The NewsGuild joined the Reporters Committee for Freedom of the Press and more than 60 other organizations in filing an amicus brief opposing a trial court’s prior restraint of the New York Times in Project Veritas v. New York Times Co. An appeal is pending before New York’s Appellate Division.
A New York trial court ordered the Times to return physical copies and destroy electronic copies of legal memoranda at issue in the case on Dec. 24. The order also restrained the Times from disseminating the memoranda to any other person without permission of the court.
The Times appealed that decision, seeking an emergency stay of the portions ordering “immediate” action and an order to show cause as to why the entire decision should not be vacated. The appeals court granted the emergency stay and ordered Project Veritas to submit its briefing by Jan. 14.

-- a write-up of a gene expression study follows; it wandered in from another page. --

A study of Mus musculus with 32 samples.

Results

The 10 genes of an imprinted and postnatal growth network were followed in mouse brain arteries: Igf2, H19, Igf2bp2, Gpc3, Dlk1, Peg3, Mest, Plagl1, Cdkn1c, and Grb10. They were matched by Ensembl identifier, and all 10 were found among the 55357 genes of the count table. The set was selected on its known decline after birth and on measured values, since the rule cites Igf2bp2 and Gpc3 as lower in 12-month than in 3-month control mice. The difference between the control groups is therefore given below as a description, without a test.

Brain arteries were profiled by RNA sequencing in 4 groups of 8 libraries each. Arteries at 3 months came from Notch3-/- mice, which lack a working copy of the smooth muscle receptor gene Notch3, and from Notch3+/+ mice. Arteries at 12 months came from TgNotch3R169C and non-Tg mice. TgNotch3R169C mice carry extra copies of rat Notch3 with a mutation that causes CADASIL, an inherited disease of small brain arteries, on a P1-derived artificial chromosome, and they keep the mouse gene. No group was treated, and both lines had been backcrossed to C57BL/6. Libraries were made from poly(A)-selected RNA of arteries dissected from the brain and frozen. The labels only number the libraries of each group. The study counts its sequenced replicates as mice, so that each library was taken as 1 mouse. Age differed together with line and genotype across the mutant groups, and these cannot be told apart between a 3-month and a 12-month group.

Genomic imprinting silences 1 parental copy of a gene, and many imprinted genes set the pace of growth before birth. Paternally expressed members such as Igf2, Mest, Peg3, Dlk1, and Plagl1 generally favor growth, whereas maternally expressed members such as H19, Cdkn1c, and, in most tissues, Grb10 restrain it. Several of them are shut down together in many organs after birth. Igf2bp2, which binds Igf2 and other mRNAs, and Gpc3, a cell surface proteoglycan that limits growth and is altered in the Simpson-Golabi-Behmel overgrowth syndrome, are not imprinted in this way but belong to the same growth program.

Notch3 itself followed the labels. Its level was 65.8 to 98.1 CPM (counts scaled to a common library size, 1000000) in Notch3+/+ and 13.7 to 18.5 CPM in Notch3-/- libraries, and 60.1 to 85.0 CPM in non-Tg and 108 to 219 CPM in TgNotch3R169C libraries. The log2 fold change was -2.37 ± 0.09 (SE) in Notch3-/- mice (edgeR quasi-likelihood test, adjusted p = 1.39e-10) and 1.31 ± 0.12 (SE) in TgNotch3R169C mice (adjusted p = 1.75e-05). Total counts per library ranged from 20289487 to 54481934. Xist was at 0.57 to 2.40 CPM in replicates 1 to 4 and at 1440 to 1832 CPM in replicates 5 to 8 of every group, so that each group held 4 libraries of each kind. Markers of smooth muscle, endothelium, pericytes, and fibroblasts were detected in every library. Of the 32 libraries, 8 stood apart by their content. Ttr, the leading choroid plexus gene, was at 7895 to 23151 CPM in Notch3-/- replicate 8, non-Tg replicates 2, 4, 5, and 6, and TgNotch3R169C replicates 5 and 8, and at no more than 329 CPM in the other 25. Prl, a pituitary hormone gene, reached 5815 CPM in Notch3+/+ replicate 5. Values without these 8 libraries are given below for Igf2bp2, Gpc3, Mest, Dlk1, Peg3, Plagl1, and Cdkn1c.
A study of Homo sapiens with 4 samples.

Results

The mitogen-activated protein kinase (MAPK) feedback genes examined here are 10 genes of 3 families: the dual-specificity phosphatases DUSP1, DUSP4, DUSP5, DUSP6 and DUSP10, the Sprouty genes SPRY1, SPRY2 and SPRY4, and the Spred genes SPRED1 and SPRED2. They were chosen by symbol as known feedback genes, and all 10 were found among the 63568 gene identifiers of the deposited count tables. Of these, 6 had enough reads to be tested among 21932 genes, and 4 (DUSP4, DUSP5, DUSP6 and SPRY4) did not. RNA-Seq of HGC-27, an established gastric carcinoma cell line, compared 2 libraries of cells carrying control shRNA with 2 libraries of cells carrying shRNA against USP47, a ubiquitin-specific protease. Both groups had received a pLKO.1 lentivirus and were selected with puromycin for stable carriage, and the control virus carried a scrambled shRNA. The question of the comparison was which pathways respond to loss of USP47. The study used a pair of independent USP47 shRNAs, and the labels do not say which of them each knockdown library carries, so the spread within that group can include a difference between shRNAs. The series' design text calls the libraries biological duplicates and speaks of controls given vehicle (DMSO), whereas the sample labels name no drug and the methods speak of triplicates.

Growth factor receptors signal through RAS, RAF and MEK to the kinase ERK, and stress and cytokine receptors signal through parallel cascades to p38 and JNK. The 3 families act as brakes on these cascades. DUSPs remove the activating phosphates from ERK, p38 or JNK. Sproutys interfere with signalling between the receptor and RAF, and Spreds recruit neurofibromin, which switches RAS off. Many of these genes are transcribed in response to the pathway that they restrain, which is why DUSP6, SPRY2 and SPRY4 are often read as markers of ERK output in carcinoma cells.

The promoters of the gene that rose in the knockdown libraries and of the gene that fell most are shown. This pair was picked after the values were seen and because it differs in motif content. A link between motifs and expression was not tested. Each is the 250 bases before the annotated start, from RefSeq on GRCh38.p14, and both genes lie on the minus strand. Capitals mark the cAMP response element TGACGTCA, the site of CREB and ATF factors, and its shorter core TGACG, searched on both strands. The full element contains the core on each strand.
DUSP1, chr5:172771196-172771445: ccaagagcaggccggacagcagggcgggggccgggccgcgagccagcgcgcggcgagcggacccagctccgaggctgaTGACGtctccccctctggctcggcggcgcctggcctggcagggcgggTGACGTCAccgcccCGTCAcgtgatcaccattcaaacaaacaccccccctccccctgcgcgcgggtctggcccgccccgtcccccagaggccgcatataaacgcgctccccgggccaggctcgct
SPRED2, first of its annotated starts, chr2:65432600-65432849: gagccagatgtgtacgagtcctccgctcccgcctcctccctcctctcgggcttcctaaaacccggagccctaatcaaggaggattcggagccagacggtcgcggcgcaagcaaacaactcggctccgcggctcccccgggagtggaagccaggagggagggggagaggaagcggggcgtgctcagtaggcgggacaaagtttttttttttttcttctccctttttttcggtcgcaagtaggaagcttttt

The amicus brief urges the appellate court to immediately vacate the lower court’s order or, at a minimum, to stay the provisions requiring return and destruction of the memoranda pending the outcome of the Times’s appeal.
The brief highlights the dangers of the lower court’s decision, including its purported “attorney-client privilege exception” to prior restraints, its insertion of a “public concern” test into the prior restraint analysis, and its view of attorney-client privileged material as unnewsworthy despite its use in important public interest reporting.
For more background on the legal issue involving Project Veritas, check out Columbia Journalism Review’s Project Veritas battles for journalism, and against it.